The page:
Expertise Lacking In Vietnam’s LNG Drive

Like a teenager with lofty ambitions Vietnam feels just the rush of adrenaline gush. It has big plans for LNG plants. There however, is something lacking and it all must do, is on how to go about getting those LNG plants onboard. Jaya Prakash reports.

If nothing goes wrong, Vietnam will have its first power plants connected to liquefied natural gas. No date has been set as yet which in all probability will be in 2023 or the very latest in 2025.

Hanoi has been insistent on moving away from coal. In its place it wants LNG import terminals its trade minister once told. And the grand, ambitious move is now for some 22 such power plants with a combined capacity of up to 108.5 gigawatts; the first of which to be opened in 2023.

As a matter of fact, those plans are indeed awe-inspiring. The real question is how prepared the nation really is?

Author Thu Vu, Energy Finance Analyst with the Institute for Energy Economics and Financial Analysis (IEEFA), and whose comments appeared over the IEEFA website, warns that unresolved regulatory and market obstacles domestically pose serious challenges that will separate enthusiastic project sponsors from the proverbial ‘finish line’.

 “Technical standards are an area that will need to be further developed as part of developing an LNG to power market.”, said a source close to leading international law firm, White & Case to Fuels and Power on condition of anonymity.

Such a lack of standards and other essential skills are almost certain to run up against efforts to help inaugurate the very import plants Vietnam wants.

In IEEFA’s words, the exuberance of enthusiasm may just sour and turn out to be a damp squib.

“The resultant market frenzy is like nothing Vietnam’s power system has ever seen. While much of the reporting has created the impression that the proposed projects are sailing through the approvals process, the situation on the ground is much more complicated,” Vu notes.

Undoubtedly, LNG-to-power infrastructure projects are complex undertakings. They involve mot just huge finance undertakings. But many multi-stage development projects from upstream and downstream to construction interests.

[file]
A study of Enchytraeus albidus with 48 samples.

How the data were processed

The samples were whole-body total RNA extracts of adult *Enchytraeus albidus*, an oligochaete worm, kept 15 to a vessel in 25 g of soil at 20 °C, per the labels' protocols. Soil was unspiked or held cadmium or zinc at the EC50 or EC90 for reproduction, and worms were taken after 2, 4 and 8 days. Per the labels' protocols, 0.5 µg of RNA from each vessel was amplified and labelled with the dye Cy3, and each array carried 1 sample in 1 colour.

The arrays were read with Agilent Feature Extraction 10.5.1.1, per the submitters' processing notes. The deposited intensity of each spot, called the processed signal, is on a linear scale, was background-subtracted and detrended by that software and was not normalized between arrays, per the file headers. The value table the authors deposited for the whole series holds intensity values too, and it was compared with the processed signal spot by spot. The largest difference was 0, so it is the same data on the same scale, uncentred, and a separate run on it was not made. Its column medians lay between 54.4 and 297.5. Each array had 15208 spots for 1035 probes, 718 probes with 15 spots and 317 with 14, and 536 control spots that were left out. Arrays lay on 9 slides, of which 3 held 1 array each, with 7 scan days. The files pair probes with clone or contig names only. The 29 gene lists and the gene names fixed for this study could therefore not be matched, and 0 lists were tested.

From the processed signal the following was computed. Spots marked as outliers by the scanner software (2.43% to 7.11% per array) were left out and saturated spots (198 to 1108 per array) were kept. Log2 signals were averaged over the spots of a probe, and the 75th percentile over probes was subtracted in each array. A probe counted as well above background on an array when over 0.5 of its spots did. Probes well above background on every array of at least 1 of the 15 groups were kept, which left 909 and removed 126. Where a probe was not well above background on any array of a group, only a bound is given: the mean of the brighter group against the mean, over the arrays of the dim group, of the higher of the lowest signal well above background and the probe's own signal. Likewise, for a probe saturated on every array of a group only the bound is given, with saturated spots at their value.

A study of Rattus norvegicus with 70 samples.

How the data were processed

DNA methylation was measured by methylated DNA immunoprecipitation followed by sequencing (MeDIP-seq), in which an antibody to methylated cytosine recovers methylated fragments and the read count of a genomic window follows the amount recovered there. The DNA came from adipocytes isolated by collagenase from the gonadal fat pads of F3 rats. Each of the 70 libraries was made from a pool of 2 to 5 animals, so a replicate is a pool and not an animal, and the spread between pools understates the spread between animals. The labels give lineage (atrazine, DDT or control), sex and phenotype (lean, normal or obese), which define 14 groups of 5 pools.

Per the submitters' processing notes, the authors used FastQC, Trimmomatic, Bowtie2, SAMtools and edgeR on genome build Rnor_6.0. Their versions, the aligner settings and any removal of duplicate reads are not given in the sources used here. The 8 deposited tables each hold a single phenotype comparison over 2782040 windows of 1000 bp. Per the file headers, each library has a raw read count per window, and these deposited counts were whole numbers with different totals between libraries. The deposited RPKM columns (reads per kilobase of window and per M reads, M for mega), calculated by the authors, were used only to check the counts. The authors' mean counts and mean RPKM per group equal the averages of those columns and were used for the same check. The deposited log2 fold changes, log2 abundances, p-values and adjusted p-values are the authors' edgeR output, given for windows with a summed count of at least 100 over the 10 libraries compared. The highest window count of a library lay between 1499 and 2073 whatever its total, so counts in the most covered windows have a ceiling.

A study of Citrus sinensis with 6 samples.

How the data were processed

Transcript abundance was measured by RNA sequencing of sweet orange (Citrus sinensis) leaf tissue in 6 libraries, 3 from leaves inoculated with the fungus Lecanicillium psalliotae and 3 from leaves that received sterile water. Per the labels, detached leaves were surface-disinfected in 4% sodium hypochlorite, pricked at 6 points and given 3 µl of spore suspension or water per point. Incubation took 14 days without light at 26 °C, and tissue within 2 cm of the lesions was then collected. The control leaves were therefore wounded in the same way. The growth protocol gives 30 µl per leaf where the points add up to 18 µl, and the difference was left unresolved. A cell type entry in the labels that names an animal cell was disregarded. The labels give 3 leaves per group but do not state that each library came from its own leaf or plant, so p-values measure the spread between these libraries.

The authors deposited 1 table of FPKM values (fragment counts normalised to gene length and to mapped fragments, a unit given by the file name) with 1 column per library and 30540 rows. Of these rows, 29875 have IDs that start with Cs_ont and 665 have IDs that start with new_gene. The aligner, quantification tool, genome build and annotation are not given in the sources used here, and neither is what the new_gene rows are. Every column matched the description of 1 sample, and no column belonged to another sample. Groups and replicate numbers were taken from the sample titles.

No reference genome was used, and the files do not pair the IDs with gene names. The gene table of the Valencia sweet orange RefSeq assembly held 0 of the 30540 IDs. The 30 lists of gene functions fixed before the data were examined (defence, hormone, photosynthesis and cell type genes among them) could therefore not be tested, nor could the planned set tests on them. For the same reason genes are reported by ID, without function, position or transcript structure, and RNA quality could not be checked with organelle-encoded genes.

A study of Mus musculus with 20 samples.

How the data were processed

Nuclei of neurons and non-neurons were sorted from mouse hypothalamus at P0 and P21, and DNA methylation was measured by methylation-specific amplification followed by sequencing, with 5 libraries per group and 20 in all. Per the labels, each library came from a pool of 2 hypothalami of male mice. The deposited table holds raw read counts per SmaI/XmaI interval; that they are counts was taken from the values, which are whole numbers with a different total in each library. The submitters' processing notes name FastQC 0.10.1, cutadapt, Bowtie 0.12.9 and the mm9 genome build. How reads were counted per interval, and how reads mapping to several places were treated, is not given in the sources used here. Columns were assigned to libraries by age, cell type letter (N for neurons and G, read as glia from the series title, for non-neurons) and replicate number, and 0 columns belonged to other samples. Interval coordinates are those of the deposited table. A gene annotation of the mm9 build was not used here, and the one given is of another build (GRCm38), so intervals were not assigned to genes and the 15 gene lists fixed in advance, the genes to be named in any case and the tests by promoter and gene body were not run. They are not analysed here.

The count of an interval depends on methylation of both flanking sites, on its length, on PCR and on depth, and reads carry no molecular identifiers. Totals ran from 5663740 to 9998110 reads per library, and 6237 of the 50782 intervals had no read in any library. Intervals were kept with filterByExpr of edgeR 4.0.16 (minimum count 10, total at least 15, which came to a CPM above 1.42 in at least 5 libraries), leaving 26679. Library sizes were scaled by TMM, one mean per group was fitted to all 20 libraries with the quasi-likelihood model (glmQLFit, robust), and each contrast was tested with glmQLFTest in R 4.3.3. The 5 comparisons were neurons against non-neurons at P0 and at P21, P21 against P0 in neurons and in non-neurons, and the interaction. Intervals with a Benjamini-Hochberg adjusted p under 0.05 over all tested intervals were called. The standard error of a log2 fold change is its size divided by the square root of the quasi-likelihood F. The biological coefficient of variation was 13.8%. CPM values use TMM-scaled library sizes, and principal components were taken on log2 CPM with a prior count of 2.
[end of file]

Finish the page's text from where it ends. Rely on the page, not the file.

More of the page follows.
Then there are safety and security blueprints to incorporate in the overall planning and decision-making process.

From the pool of projects on the drawing board, only nine projects with 17.6 GW in combined capacity have been formally approved for the current power master plan (PDP7R). None of them has finalised power purchase agreements (PPA) with the state utility Electricity of Vietnam (EVN), highlights IEEFA

“Significant planning and implementation delays are very likely considering how the updated regulatory environment seems incompatible with the contractual demands of developers who insist on utilising older legal models governing either build-operate-transfer (BOT) or independent power projects (IPP).”

Vietnam recently enacted new legislation with a direct impact on large-scale power projects. The Public-Private Partnership Law and Investment Law, both effective from 1 January 2021, have rolled back certain government concessions that had been regarded as essential to international lenders.

Rigid financial structures used to finance LNG-to-power assets will shape Public-Purchase Agreement (PPA) discussions in the months and years to come. For those projects that have reached the negotiation table with EVN, the most difficult part of the process has only just begun.

“Analysts should manage their expectations very carefully before placing big bets on Vietnam’s near-term LNG pathway”, Vu warned.

Vietnamese regulators are planning to quadruple the current gas-fired power capacity to 28 GW in 2030. “The high-level policy commitment to establish and scale up a reliable LNG-to-power market does not necessarily translate into prompt concessions, especially as Vietnam navigates its post-COVID recovery and amid the growing interest in the domestic energy market”, IEEFA noted.


Market players will also be paying close attention to how senior decision-makers address decisions that will determine the affordability of LNG and shape the economic impact of Vietnam’s pivot to gas. Regulators are aware of the cost implications of LNG-fired power plants, according to the report.

The plans are surely adding a bittersweet feel on the prospects, promises and hopes the nation holds out for itself and the rest of the world.

The region of Van Phong Economic Zone (EZ) of Khanh Hoa Province is becoming a bright spot in investment attraction as many large corporations in the world pour tens of billions of dollars to implement large projects in LNG power.

Van Phong Economic Zone in Khanh Hoa Province attracts tens of billions of dollars in 2020. (Photo: SGGP)

Van Phong EZ, according to SAI GON Giai Phong Newspaper has seen great leaps in attracting several large projects worth tens of billions of dollars. Last July, the US group Millenium Petroleum proposed to invest in an LNG project with a capital of $15 billion in Van Phong EZ, said the newspaper. The group would build a power plant and a port warehouse for storing LNG in the South Van Phong area, with a capacity of 9,600 megawatts (MWs). The group especially hopes to turn the LNG port warehouse in South Van Phong into the energy hub of Southeast Asia. Not long after that, the good news continued to come to Van Phong, when J-Power, the Japanese Electric Power Development Company, wanted to concretize the investment policy of the Van Phong Combined Cycle Gas Turbine (CCGT) Power Plant project, with a capacity of 3,000 MWs and a total investment of $3.2 billion.